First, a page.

Before I turn the page on the just-completed spring 2012 semester at Columbia College, I must make mention of the final project work done by my students. The course 22-3254 was called Making Print Media Political, and the last assignment was to produce and disseminate work without traditional authorship. In the course I exposed the students to work that is overtly political in both traditional fine art contexts (typically distinguished by standard authorship), on the one hand, and in a functional, social struggle, or guerrilla context (with authorship de-emphasized or erased altogether), on the other. The idea behind the last assignment was to free the students from the constraints imposed by authored work. They took the assignment to heart and pushed limits in both content and dissemination strategies. I cautioned them properly, outlining what kinds of gray legality govern even the smallest kinds of public dissemination. In fact, one of them ended up in handcuffs while executing his work. He talked his out of trouble, but was forced by Chicago police to give up his documentary images. I gave him full credit.
Overall, the results were impressive. One student who lives by dumpster diving made some wonderful hand-drawn signs to mark his favorite dumpsters, as if they were regular stores. He affixed them to nearby alley fences or on the dumpsters themselves. Another simply accelerated what she’d been doing more or less constantly since last fall: make posters for Occupy Chicago and Occupy Columbia. I critiqued her designs pretty thoroughly but I could not hide my pleasure. And some I could not constructively critique at all. Like this one. It is too good.
A pair of students made some bookmarks with partial but recognizable images of famous figures on one side and a date with a QR code on the other. The dates and codes lead to online information about what that person had said on that date. The statement is of a surprising or lesser known nature, somehow “political,” and certainly controversial. The students went to two different bookstores, Quimby’s in Wicker Park and a suburban Barnes & Noble. In both settings they made guerrilla placements using your standard reverse-shoplifting technique. Not surprisingly, the Barnes & Noble staff warned them off a few times while Quimby’s workers said nothing.
Several of the more pointed productions are worth showing here. One is this excellent appropriation of Magritte’s The Treachery of Images. The student had been obsessing over the Berlin Conference of 1884, at which the division of the continent by the European powers into defined territories was superimposed upon the many indigenous identities, languages, and generations-long homelands. Divided up without regard to the indigenous groupings, the Berlin Conference bequeathed to the modern nations of Africa a fate fraught with conflict, through broken cultural affinities and inappropriate unities. This work takes Magritte’s jab at the intangibility of representations to another level of futility, that of the tragic and unwanted inheritance. The student produced it as a poster, but we discussed it as a t-shirt. I would buy one.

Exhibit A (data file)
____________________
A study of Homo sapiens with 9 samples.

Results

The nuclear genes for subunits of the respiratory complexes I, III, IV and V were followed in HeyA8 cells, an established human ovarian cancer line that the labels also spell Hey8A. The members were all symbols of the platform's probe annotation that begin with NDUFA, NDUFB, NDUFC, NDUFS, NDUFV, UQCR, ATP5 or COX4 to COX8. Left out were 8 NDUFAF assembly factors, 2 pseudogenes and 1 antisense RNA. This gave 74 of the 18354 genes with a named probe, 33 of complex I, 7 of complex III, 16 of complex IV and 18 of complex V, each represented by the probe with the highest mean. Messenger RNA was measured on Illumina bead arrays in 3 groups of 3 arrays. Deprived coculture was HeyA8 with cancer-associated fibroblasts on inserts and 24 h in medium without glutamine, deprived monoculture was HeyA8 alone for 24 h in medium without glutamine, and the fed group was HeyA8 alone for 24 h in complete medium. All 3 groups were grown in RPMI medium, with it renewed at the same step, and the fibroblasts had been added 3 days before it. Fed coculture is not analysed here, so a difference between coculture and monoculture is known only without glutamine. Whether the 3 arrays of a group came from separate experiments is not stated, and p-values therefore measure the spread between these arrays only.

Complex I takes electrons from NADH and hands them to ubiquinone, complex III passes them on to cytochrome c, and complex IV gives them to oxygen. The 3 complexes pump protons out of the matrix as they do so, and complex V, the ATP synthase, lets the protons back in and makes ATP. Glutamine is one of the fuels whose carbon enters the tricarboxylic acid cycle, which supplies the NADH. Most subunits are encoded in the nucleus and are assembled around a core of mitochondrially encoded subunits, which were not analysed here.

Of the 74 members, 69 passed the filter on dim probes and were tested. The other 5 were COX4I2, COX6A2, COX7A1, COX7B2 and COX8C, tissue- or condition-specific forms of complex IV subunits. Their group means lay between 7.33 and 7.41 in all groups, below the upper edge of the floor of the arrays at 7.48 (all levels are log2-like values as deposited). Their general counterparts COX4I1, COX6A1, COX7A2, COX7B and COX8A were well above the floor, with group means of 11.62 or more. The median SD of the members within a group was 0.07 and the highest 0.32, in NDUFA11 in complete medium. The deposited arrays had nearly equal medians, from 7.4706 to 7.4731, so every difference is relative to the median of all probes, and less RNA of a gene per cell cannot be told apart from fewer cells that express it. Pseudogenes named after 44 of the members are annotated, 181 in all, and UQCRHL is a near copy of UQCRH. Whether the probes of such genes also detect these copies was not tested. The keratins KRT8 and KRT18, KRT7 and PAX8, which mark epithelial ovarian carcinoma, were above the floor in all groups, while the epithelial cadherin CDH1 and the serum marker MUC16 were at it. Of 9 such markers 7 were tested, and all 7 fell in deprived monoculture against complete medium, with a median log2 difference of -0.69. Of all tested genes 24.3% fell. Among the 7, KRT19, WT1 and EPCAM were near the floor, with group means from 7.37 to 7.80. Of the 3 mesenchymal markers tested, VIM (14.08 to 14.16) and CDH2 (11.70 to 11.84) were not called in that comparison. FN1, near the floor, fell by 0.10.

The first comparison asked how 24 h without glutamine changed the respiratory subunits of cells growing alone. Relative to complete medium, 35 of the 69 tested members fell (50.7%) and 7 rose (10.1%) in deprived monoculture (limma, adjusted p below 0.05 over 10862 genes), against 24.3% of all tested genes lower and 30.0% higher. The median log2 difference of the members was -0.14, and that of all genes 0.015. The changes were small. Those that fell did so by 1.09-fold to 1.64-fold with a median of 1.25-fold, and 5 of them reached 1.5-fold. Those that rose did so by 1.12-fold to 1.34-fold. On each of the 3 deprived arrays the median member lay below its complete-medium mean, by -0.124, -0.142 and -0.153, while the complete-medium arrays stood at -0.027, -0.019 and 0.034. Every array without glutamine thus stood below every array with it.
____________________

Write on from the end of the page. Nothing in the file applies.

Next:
Another student frontally addressed a college controversy surrounding the president of the college. With different campus constituencies applying pressure on the administration all year long—students, both full and part-time faculty, and staffers from various research units from around the college, President Warrick Carter at one point cracked. He very publicly lost his cool during his annual State of the College address, thereby sealing his reputation negatively in the minds of many students. To recall a moment Dr. Carter will never live down, this anonymous project made itself felt at Manifest—a prime occasion for a campus statement.
Finally, two students with different projects attacked the advertising on CTA trains. According to the intentions of their respective projects each achieved mixed results. The trains are a tempting venue, but harder to invade than one might think, and at the same time less interactive than one might assume. For the great majority of passengers, the train is about passivity and this can be overlooked in the design of placards that ask for response via Twitter (as one of the projects did). But in an instance of the art making leading to the production of a valuable image despite the unrealized intended outcome, one of them came away with this striking picture.
I would have difficulty coming up with a better document of the profound crisis within which we Americans all now simply accept as everyday life—the security/control-society on one side, and the speculative gambling economy, on the other. Both social poisons served up in the bite-sized portion of an individually comprehended and internalized advertisement. A bigger problem, indeed.